The unpredictability of the world is evident now more than ever. As the greatest generation was more severely impacted by the recent global pandemic, the Great Wealth Transfer has begun to accelerate through the Baby Boomers. Given the fact that trillions (yes, with a T) of dollars of wealth are set to transfer to downstream generations in the next few decades, our industry has a lot of work to do.
While the topic can be difficult to think or talk about, it’s never too early to talk to your clients about wealth transfer. Most people will avoid talking about death if given the option, combine that with discussions around which family members will get what and it is understandable why people put off such conversations. However, knowing what will happen to assets if your client were to pass is of critical importance for everyone involved.
If you’re having trouble starting this discussion with clients, it helps to remind them that nothing is permanent until they pass. Estate plans can be changed and should, in fact, be regularly reviewed. What a client chooses as an estate plan now, doesn’t mean that’s what it has to be for the rest of their life. It’s a great potential moment to bring in an estate planning attorney that you trust if you aren’t equipped to talk through the details.
You should take the time to make clear why wealth transfer mechanisms are important. They’re very clearly not about benefiting the owner, but rather saving frustration, larger than necessary tax bills, legal fees, and conflict from becoming problems for the recipients. Generally, the last thing someone wants is their death to cause family issues. Proper planning can avoid this and make things run smoothly.
You’ll want to walk your clients through every aspect of their financial life. Debt generally has to be paid back in the event of death, so recipients of an estate plan should have an accurate idea of how much they will be receiving and not be saddled with surprise reprisals from banks or other creditors.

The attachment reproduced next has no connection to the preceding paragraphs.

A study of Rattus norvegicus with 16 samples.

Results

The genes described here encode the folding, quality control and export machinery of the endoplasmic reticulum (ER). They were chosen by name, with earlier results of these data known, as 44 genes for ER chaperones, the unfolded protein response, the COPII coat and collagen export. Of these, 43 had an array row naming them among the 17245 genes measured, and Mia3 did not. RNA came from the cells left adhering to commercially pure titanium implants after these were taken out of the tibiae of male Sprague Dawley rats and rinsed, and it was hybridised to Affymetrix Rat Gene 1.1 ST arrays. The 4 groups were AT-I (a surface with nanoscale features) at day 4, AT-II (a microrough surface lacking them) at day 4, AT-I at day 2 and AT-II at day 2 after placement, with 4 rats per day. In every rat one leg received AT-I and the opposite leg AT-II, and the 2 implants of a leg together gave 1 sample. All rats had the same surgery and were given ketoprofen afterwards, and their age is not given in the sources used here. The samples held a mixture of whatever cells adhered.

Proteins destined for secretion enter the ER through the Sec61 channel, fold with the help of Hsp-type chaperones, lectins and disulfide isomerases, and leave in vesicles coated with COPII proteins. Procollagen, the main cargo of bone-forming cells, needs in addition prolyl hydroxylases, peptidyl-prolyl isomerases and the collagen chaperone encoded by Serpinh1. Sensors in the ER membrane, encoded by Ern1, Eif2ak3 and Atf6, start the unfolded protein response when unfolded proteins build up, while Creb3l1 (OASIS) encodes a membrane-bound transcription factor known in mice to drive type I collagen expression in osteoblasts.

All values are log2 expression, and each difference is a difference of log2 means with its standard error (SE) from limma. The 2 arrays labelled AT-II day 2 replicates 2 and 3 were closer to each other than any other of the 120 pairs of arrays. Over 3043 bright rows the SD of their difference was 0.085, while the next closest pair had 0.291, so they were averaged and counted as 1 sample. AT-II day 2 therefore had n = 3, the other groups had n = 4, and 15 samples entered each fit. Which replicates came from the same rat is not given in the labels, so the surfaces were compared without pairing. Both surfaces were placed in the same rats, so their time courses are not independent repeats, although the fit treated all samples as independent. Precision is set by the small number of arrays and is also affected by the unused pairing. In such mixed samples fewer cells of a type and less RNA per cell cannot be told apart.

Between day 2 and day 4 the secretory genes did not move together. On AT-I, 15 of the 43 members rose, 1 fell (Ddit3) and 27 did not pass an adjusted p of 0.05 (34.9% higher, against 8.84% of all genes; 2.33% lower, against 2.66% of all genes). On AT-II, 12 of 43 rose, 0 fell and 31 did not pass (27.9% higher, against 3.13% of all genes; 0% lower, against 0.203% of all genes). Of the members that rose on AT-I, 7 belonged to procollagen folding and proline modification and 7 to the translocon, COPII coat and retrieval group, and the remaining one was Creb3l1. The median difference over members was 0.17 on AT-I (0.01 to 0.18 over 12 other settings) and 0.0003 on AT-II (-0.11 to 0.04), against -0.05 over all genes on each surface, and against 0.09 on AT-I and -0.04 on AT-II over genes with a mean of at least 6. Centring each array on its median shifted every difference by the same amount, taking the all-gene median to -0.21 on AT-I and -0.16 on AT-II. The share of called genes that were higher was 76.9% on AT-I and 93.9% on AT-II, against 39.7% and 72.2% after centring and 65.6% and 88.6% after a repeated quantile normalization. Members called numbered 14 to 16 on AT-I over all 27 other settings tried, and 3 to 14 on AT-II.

There is a whole gamut of paperwork that should be lined up to ensure wealth transfers are executed properly.
Finally, stress that if a plan isn’t made, the money could be seized by the state and no matter where you fall on the political spectrum most of us agree that the government is easily the least qualified organization to be redistributing those assets. Making a plan ahead of time benefits everyone and is the right thing to do to protect your legacy.
If you have a client that’s dragging their feet on making an estate plan or designating parts of their wealth transfer, now is as good of a time as any to push them to do so. Using your preexisting financial planning software can be an easy way into other financial discussions you have with your clients. And while it’s easy to put off these kinds of conversations, being introduced to those who may be managing your clients wealth helps you create goodwill and opportunities that wouldn’t otherwise exist.
Nurturing cross generational relationships can be hard to manage, but are usually worth the effort. How are you opening and maintaining conversations cross generationally now?